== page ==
Despite an increase in policy interest, there is little evidence documenting the associations between social isolation, loneliness and subjective wellbeing across our lives and between generations.
Led by Professor Praveetha Patalay, our Social isolation and loneliness across the lifecourse project aims to address this evidence gap, while also generating a range of comparable measures of social isolation for future research. This work forms part of a secondary data analysis initiative (SDAI) to address evidence gaps in our understanding.
Here we explore key insights from the first report, which used data from five British longitudinal cohort studies, covering people born between 1946 and 2001, to explore social isolation trends over time.
Longitudinal, population-based studies have the unique advantage of providing insights based on the same individuals across time, allowing us to observe experiences within and between generations.
The research used longitudinal data from five successive generations (born 1946, 1958, 1970, 1989-90 and 2000-01) to explore social isolation and connectedness:
- within different contexts (household; partnership, family and friends outside the household; education and employment networks; community engagement)
- over the course of people’s lives
- between generations.
By investigating social isolation, we shift the focus from individual to structural factors that include broader economic and social conditions. This is a necessary first step in identifying concrete policy, community and societal actions we can take to reduce isolation and loneliness.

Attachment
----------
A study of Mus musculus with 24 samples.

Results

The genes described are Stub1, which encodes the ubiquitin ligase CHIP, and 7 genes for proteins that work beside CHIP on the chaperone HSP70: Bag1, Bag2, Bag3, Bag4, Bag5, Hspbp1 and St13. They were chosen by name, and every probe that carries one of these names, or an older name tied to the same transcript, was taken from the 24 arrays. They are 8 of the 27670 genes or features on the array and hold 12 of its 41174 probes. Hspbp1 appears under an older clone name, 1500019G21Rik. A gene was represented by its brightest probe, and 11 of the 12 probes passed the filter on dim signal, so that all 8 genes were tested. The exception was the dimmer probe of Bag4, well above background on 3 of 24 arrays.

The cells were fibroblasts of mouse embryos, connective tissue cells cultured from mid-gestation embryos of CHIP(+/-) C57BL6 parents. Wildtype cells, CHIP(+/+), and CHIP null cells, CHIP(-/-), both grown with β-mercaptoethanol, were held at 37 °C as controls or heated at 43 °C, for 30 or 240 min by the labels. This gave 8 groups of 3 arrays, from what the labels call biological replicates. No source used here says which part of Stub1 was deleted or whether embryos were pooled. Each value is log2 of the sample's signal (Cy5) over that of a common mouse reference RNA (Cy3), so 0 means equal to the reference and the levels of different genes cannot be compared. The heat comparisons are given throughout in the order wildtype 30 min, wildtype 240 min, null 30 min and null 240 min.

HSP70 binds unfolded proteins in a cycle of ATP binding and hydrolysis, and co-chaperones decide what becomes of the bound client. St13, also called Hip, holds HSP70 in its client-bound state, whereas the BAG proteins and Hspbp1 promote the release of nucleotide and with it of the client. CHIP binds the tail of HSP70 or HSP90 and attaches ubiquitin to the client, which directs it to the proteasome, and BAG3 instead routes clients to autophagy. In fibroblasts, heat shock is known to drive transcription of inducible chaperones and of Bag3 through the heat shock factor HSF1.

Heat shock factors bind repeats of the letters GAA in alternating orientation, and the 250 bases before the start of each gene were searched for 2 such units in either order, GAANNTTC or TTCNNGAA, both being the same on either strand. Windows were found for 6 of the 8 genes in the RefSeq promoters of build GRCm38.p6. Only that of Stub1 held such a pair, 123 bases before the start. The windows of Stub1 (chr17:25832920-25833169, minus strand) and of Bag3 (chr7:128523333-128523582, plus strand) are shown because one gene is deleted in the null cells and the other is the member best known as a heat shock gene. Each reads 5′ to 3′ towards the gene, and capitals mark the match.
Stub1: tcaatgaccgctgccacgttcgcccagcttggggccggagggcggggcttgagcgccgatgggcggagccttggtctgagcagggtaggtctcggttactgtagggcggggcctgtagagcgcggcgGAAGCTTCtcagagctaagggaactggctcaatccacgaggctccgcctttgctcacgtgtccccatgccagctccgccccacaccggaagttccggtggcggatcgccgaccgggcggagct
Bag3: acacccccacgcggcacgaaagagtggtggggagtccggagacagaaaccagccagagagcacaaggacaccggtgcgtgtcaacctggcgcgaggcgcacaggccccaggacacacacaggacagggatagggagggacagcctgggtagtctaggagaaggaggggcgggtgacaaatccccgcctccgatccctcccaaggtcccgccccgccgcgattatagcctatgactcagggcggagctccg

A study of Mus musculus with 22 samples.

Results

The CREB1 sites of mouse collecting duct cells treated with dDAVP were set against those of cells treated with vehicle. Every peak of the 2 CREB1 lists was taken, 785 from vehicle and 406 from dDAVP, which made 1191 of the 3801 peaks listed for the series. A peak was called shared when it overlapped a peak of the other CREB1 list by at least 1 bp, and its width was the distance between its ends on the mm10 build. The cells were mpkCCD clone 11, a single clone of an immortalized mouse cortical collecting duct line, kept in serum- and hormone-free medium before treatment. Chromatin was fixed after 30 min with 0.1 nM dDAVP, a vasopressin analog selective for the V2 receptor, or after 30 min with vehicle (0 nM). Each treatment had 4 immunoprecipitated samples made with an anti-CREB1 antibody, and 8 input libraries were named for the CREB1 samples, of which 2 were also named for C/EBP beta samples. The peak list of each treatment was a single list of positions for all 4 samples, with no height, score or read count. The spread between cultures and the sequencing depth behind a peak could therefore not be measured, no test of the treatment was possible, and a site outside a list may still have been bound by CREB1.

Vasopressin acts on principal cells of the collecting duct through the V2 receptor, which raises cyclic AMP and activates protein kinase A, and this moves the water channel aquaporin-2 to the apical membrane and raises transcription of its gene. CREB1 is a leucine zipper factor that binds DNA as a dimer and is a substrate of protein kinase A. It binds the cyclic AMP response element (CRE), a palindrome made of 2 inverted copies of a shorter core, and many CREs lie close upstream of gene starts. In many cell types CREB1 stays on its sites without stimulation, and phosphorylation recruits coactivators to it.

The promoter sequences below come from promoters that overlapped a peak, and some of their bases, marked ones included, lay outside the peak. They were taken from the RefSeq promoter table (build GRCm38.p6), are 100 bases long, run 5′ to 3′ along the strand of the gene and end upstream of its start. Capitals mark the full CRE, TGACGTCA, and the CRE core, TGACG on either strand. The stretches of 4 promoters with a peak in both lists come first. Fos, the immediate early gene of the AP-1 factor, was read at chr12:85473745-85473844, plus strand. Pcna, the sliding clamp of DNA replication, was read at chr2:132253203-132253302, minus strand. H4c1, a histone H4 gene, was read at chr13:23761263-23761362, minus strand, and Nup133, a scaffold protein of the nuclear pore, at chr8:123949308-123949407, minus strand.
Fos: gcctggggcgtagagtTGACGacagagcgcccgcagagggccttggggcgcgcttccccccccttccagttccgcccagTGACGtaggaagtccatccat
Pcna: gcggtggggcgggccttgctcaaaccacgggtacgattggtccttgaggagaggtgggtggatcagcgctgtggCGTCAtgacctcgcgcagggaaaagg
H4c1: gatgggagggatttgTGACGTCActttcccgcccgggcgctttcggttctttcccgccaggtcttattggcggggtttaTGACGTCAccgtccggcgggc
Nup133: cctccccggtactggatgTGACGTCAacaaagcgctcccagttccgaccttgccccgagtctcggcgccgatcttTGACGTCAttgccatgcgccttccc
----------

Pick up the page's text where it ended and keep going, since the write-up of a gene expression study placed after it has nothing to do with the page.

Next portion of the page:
What is social isolation?
Social isolation is an objective condition that can be quantifiably assessed by the number and frequency of social connections and interactions, for example how often someone meets up with their friends, or how many people they live with.
This is distinct from loneliness, which is a negative subjective feeling defined by the individual’s perception that the quantity or quality of their social relationships is inadequate.
It is possible to feel lonely despite being socially connected, and to feel content in solitude.
The research highlights that social isolation is a multi-dimensional concept, with a variety of dynamic experiences across contexts, generations and life stages.
Some people’s social contact is focused on interactions with family and/or friends, while for others there may be more of a mix. For example, engaging with colleagues at work, taking part in community activities or interacting with those they live with.
Notable insights include:
- Younger generations are less likely to belong to a club or engage with religious activity, but are more likely to volunteer.
- Younger generations are more likely to live alone than older generations, particularly in their 20s.
- For the oldest three generations (b. 1946, 1958, 1970), most people experienced isolation in one or more contexts during midlife.
- The oldest generation (b. 1946) show an increase in the likelihood of engaging in regular social activities around age 65. This corresponds with retirement age and being less likely to be in education or employment.
- Across generations, the probability of females being neither in education nor employment aged 16-31 has decreased, indicating changing patterns of family formation and labour market participation.
There is a need to focus on a range of social isolation indicators across contexts and generations to:
- understand how people compensate for specific types of isolation
- understand how broader economic and social factors can affect the timing of life transition points – such as retirement, and trigger social isolation.
For a more detailed synthesis of the report’s findings – alongside a discussion on the implications for researchers, policymakers and practitioners and recommendations for how this research can be put into action – see our briefing.
Accelerating access to datasets
Questions regarding social isolation were not asked in the same way for each longitudinal study, making it difficult to compare generations.
A core part of the research was deriving comparable measures of social isolations for each context. The groundwork has now been laid, and will enable future researchers carrying out life course work to easily use these variables for future cross-generation comparisons in UK longitudinal data.